Lake and Water Safety

DNR - Ice Safety Measures

DNR Ice Safety Measures

Did You Know About this State Regulation?

People do not have the right to walk up onto the bank of private property along an inland lake without permission of the owner.  Neither does a person have the right to cross private property to get to the water. Only a riparian owner may maintain a boat at an anchorage or private dock. Non-riparians must dock their boats at marinas or use public access sites for lake entry. And Lake Bel-Air has NO PUBLIC ACCESS!

Safe Boating on Our Lake


Improper Distance

Is defined as not maintaining a proper distance while operating a vessel or towing a person. To maintain a proper distance when you are operating at greater than “slow, no wake speed” the vessel or persons being towed must not be within 100 feet of:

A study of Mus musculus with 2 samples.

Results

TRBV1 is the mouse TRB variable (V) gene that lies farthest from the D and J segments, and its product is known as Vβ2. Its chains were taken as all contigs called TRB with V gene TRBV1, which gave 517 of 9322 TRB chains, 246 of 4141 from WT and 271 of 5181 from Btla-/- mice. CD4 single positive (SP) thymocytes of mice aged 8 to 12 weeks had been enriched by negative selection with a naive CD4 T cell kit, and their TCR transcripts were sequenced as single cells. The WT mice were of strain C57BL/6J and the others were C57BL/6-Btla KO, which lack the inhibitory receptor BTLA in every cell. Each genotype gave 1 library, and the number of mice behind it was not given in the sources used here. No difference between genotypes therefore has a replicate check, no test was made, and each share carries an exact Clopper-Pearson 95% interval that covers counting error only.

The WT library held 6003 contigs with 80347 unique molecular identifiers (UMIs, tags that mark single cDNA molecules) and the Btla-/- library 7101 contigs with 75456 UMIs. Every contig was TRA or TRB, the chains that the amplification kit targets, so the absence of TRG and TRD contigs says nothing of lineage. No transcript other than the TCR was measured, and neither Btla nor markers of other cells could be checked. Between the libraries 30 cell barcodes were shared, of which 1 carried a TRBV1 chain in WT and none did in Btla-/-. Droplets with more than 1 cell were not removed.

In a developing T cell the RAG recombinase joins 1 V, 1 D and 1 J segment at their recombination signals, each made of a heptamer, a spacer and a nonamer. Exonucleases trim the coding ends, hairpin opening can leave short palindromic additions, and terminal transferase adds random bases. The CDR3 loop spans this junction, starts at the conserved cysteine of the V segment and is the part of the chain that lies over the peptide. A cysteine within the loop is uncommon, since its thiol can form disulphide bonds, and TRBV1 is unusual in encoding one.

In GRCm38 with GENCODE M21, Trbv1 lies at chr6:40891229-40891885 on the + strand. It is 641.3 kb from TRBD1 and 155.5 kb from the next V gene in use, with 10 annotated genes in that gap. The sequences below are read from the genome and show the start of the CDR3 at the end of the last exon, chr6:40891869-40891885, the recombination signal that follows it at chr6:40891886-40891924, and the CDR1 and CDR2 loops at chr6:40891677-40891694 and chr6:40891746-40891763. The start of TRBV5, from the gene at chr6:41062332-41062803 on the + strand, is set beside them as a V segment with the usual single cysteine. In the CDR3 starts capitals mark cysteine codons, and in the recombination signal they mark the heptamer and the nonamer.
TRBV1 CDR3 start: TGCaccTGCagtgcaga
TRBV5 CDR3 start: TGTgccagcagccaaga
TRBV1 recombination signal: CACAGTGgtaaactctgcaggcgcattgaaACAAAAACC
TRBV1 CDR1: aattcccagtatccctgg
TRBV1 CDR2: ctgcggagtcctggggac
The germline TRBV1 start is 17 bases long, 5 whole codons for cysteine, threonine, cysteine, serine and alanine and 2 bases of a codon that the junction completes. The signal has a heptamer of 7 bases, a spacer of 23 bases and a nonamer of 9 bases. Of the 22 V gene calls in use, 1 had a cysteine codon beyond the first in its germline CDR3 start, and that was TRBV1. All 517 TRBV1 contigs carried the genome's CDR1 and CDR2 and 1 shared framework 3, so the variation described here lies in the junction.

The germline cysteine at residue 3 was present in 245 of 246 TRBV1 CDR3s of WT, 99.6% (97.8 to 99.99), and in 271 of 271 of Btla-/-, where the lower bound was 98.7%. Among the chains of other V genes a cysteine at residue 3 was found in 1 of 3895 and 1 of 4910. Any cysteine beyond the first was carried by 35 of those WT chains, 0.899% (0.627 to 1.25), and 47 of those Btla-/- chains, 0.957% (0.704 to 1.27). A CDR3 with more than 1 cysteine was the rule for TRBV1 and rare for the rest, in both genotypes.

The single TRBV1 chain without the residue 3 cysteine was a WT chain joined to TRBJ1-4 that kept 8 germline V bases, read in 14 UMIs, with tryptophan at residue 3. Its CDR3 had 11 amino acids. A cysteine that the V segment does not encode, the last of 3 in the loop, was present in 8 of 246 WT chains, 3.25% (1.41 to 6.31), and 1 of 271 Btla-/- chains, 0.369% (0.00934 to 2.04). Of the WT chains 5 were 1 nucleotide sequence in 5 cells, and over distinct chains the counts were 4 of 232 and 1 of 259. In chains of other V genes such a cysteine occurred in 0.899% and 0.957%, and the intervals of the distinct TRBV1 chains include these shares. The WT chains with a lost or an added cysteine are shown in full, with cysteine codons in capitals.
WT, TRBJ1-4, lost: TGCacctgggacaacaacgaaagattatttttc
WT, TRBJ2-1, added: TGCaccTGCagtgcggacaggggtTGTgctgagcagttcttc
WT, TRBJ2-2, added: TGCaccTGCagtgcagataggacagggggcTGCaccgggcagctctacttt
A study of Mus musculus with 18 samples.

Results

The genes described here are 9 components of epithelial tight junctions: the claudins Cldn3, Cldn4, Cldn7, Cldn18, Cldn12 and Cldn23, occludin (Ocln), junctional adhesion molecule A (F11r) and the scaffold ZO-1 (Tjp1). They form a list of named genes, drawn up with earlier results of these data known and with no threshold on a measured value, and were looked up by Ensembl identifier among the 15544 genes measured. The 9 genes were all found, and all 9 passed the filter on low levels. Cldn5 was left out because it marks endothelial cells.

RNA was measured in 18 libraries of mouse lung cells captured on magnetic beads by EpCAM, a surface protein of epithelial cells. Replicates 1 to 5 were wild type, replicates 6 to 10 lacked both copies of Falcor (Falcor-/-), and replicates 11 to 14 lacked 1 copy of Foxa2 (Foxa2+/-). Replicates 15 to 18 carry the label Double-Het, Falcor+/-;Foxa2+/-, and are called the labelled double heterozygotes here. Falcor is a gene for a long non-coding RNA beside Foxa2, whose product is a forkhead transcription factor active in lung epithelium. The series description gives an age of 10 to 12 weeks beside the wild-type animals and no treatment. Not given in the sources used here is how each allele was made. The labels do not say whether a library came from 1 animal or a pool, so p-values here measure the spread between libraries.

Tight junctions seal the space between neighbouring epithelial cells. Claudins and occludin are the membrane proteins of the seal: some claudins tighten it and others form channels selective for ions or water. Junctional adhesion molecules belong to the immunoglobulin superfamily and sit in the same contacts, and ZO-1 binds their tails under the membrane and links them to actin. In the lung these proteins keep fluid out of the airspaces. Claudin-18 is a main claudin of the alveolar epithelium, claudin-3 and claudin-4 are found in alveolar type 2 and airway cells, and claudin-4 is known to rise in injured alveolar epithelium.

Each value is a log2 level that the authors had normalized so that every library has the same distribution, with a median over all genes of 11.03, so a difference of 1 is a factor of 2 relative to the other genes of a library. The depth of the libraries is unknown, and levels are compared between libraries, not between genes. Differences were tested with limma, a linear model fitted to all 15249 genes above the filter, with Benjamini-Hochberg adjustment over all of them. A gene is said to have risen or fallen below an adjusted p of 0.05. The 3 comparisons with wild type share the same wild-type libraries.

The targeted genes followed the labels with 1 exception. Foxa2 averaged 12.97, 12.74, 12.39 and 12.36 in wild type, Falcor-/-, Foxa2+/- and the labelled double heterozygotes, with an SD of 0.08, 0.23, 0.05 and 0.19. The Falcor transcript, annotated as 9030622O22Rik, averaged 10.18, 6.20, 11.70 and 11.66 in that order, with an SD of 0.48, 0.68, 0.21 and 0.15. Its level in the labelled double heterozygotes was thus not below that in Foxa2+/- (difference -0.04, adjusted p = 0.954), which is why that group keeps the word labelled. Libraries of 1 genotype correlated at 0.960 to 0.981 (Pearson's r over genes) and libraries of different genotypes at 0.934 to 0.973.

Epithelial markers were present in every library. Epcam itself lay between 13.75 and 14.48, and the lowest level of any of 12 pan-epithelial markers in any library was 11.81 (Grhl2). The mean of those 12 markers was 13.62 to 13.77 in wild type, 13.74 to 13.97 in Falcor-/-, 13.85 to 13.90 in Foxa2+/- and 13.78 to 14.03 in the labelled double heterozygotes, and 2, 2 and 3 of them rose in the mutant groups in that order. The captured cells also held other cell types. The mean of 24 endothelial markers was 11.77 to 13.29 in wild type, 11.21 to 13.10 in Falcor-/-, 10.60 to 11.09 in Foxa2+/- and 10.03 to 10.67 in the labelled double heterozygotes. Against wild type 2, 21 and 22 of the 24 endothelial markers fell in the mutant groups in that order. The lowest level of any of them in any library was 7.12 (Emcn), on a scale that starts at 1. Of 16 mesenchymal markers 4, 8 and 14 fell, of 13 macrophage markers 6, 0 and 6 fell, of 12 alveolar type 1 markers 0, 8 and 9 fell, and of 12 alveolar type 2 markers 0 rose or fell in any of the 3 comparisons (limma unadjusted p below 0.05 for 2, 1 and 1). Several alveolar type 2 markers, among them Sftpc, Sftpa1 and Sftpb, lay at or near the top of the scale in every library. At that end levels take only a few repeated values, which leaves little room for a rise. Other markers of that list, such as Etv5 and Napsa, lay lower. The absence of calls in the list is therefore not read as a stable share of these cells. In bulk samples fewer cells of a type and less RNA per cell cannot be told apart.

• A shoreline (if operating in water less than three feet deep)
  • Any moored or anchored vessel
  • A dock or raft
  • Any marked swimming area or person(s) in the water

Anchored Rafts and Swim Decks

The Michigan Riparian states:

“Anchored rafts present a hazard to navigation if they are permanently or temporarily anchored beyond the longest shoreline based structure (for example, beyond the longest dock on the lake.) Rafts anchored beyond this point must have sufficient navigational markings and/or warning lights (as well as legal identification markings) to prevent boats that are navigating a body of water at night from colliding with the raft. Public Act 101 of 2010: Act 324.80163) allows law enforcement and DNR officers to remove rafts that present a navigational hazard to marine traffic at the owner’s expense.”

In other words, if a watercraft hits your raft, you will be held fully liable for any property damages, injuries or deaths that occur as a result of any accident.